Q&A With Dr Emma
Hi Dr Emma, I was wondering just how effective all the different teeth whitening toothpastes are, and also those little kits you can buy where you put the gel in a rubber mouth guard and wear it before bed for a week. Do these things actually do anything or if you want slightly whiter teeth is the only real option to go to your dentist? Duncan from Victoria Park, WA.
To understand how tooth whitening products work, you first need to know a little bit about tooth staining.
There are two main types:
Extrinsic staining: Brown, black or green staining on your teeth that comes from an external source. Most commonly this is from cigarettes, coffee, tea, and red wine, but there are also other causes.
Intrinsic staining: Brown, grey, green, orange, yellow or white discolouration of the actual tooth structure. This can be caused by taking a certain type of antibiotics in childhood, from ingesting too much fluoride as a child, significant childhood illness, or the natural colour of your teeth may just be yellower than you'd like.
Whitening toothpastes target extrinsic staining. The positive is that they help to remove tooth staining from food and drinks, and if used regularly will help stop it building up again. On the down side, they tend to be more abrasive than a regular toothpaste so are unsuitable for people with sensitive teeth or those who are concerned about tooth wear. They will not change the underlying colour of your teeth.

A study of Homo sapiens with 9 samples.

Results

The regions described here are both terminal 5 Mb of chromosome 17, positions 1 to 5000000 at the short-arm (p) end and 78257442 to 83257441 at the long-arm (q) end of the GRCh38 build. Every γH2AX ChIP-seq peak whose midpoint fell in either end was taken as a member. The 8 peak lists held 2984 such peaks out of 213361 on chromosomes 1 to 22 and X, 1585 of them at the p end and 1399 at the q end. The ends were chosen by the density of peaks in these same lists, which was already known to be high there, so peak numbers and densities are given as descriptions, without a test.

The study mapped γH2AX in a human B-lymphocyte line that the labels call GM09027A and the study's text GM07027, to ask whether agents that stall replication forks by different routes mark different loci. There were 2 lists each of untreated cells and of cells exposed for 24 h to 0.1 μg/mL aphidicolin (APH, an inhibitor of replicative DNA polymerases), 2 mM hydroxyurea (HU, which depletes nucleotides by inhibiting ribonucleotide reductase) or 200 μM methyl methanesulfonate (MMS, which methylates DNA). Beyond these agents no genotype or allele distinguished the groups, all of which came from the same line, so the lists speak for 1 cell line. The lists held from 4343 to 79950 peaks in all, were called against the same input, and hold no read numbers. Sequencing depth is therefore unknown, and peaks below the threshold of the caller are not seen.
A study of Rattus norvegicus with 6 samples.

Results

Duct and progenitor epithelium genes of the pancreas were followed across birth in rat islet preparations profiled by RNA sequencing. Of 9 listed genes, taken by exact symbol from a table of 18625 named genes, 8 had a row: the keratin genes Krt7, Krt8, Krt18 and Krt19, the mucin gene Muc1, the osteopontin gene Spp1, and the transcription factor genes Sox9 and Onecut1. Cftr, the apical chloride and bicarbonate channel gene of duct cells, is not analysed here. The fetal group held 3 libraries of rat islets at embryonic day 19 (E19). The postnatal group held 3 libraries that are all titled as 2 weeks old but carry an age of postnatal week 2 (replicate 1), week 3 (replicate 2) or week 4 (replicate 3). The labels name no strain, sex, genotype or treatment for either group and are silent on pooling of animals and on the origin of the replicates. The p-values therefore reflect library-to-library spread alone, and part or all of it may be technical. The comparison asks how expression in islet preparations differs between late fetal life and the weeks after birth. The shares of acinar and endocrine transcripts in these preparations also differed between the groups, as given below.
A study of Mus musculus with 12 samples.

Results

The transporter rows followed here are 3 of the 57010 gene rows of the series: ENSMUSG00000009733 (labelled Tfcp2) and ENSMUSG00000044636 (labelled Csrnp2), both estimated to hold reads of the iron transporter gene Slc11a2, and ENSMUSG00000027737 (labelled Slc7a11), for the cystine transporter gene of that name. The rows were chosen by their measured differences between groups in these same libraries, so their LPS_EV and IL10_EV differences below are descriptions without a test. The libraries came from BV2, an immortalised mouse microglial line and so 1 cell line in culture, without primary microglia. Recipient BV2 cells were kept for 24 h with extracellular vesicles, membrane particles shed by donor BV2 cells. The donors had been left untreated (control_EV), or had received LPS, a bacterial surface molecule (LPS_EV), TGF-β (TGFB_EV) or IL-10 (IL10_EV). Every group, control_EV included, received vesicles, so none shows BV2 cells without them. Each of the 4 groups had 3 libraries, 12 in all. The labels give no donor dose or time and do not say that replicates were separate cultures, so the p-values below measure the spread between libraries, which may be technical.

Whitening gels, liquids, strips and the like are used to correct intrinsic staining. They are usually peroxide based and will vary in strength depending on who sells it to you, (supermarket, pharmacy or dentist). The positive of the over the counter kits you mentioned is that they are inexpensive and may provide the desired result for some people. The negatives are that a dentist has not necessarily diagnosed your type of staining, ensured your mouth is healthy first, and then recommended the most appropriate whitening treatment for you.
Some teeth and types of staining will not respond to whitening treatment, so you may be wasting your time and money. There is also a risk of temporary tooth sensitivity, (particularly to cold), and damage to the gums and other oral soft tissues. This is because the trays are not custom fitted, so the gel is free to flow up over your gums as well as your teeth. There is also some concern about overuse as the treatment is not being monitored, and with excessive use the teeth themselves can be damaged.
So, to answer your question, over the counter whitening products may be helpful in whitening your teeth at home. You now know it depends on the type of staining you have, and your individual mouth. If you want to have the best chance at whitening your teeth, consult with your dentist who is able to diagnose, treat, and monitor your whitening, and can use a more concentrated peroxide product than is available over the counter. Then you can focus on enjoying your new whiter smile!